For someone who is not a fan of water, I tend to do a lot of water sports. But when visiting the World's Highest Tides, you can't miss this adventure!
Dave loves the water, he's a Pisces and can spend hours swimming in anything. He embraces high adrenaline sports like whitewater kayaking and river rafting while I tag along, swallowing my fear that has welled up like a lump in my throat. When we decided to go Tidal Bore Rafting in Nova Scotia, I knew it was something I'd love in the end, but I cannot lie, I was a bit nervous leading up to the event.
Tidal Bore Rafting the World's Highest Tides
We were in Nova Scotia on a road trip around the and along the Bay of Fundy.
It is a beautiful part of the province. Last year we explored the South Coast and marvelled at Peggy's Cove and Lunenburg and this year we were doubly excited to see the stunning cliffs and powerful force of the Bay of Fundy.
One of the best things you can do to truly understand the power and magnitude of the world's highest tides is to ride the waves. The tide comes in with brute force and in true Nova Scotia fashion, someone figured out a way to harness that power and create the zaniest adventure you'll ever try!
That is tidal bore rafting.
We arrived at the mouth of the Shubenacadie River at River Runner's Tidal Bore Rafting adventures an hour early to prepare for our adventure ahead.
They recommend showing up early to give plenty of time to change, sign your waivers, and gear up in rubber boots, rain gear and PFDs (personal floatation devices). But most importantly, you couldn't be late.
The tide waits for no-one, so for those arriving even 15 minutes late, you'll be left behind.
There was a large crowd gathering on the veranda and we were broken up into groups of eight where we followed our guide (aka zodiac captain) to the river where we got into the boats.
We were heading down river to wait for the tide to come in.
Our guide was Chelsea who has several years of experience tidal bore rafting and had a large and lovable personality. We knew we were in for an amazing time!
It started off calm enough. The tide comes in slowly at first so we made our way out to a sandbar where we walked in the centre of the river taking in the fact that within a few minutes, this will all be covered in water.
We walked around for about 15 minutes before we were called back to our rafts for the thrill ride on the river.
It's aptly named because as you bounce over the washing machine turbulent waters, you can't help but giggle. We made pass after pass getting more and more wet as our laughter grew louder and louder.
Watch our Video of Tidal Bore Rafting
Tidal Bore Rafting wasn't scary, it was pure fun!
It was so much fun that I actually wanted bigger and faster waves to go through. I couldn't wait to be bounced around more and more!
The freezing water from the lowest depths is always pulled up to the surface making swimming an unpleasant experience.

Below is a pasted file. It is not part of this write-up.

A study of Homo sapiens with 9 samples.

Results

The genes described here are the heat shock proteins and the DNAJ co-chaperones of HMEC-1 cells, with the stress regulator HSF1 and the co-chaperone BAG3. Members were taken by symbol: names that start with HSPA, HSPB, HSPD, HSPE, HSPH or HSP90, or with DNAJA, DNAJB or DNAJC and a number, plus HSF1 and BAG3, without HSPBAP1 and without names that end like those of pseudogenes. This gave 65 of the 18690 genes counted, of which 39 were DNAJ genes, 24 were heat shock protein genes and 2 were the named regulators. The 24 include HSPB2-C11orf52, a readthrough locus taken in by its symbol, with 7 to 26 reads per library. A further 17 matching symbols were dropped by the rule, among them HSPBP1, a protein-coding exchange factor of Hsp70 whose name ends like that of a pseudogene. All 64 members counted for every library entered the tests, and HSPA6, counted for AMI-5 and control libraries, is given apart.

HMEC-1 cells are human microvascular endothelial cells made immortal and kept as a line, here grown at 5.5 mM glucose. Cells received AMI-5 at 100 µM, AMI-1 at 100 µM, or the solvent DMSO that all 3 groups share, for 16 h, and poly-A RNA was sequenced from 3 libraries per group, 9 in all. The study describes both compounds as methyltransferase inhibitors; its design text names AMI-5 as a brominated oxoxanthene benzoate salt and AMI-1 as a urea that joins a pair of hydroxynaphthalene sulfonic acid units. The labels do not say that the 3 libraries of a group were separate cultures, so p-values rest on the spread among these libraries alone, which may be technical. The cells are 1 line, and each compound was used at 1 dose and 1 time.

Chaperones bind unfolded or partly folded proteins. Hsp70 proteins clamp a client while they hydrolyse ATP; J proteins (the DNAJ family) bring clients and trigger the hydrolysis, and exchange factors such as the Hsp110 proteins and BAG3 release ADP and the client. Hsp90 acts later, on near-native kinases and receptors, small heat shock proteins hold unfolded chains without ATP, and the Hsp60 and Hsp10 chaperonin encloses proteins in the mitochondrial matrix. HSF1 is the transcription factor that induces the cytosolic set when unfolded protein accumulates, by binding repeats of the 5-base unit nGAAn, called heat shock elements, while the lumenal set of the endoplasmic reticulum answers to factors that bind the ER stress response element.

I was a little worried about freezing on the river during our Tidal Bore Rafting experience, but the tide mixed with the warm river water and it was splendid.
I wasn't cold at all. As a matter a fact, (I can't believe I'm saying this) I was almost hoping we'd hit a rogue wave and go for an unexpected swim.
Believe me, whenever we go whitewater rafting, the last thing I hope for is to fall out.
The cool thing about Tidal Bore rafting is that there are no rocks to worry about.
Unlike whitewater rafting, if you fall in, you don't have to worry about getting stuck on rocks, you can just float and enjoy the ride.
But nobody fell in today. Instead, we all had turns getting thoroughly soaked.
The tour went on for a couple of hours and definitely gave us our share of adrenaline.
Each person took turns moving to the front of the zodiac to enjoy the rush of water from all directions. It was definitely more exciting up front.
The murky water that is the colour of chocolate milk continually thrashes over the rubber edges giving you the soaking of your life. And a lot of gulping of salt water.
The Guide Makes the Difference
Chelsea navigated the river with ease, giving us directions to either move back closer to her to lighten the weigh up front, or to move forward once we made our way out of the churn and muck.
We zipped around each bore again and again until the tide moved onto the next sand bar or obstacle. We followed the waves all the way up the river until we came to the bridge and the tide was fully in for the night.
After an exhilarating ride up river, we had the chance to relax on the way back, chat and take in the beautiful scenery as bald eagles flew overhead.
I have seen tidal bore rafting gain popularity in the past few years and always wanted to give it a try. I am so glad we did!
When you go to Nova Scotia, you've gotta hop on the river too. Tidal bore rafting is fun for all ages.
Whether you are an adrenaline junkie or a first time daredevil, this will give you the thrill you are looking for.
Details of Tidal Bore Rafting
Tidal Bore Rafting can be booked at Tidal Bore Rafting
They offer accommodation in comfortable cottages close by, making for the perfect escape.
A stay at the cottage is highly recommended. You're coming out of the tidal bore wet, covered in mud and sticky with salt water.
While River Runner's has hot showers and heated floors in their change rooms, there's nothing better than taking the short two minute drive to your cottage where you can barbecue a fresh meal, enjoy a hot bath or shower and cozy up for the night under a thick blanket.
Our Tidal Bore Rafting Experience was courtesy of Nova Scotia Tourism who we went on assignment with to capture adventures and photography around Nova Scotia. Find out more about travel to Nova Scotia at VisitNovaScotia.com All opinions are our own.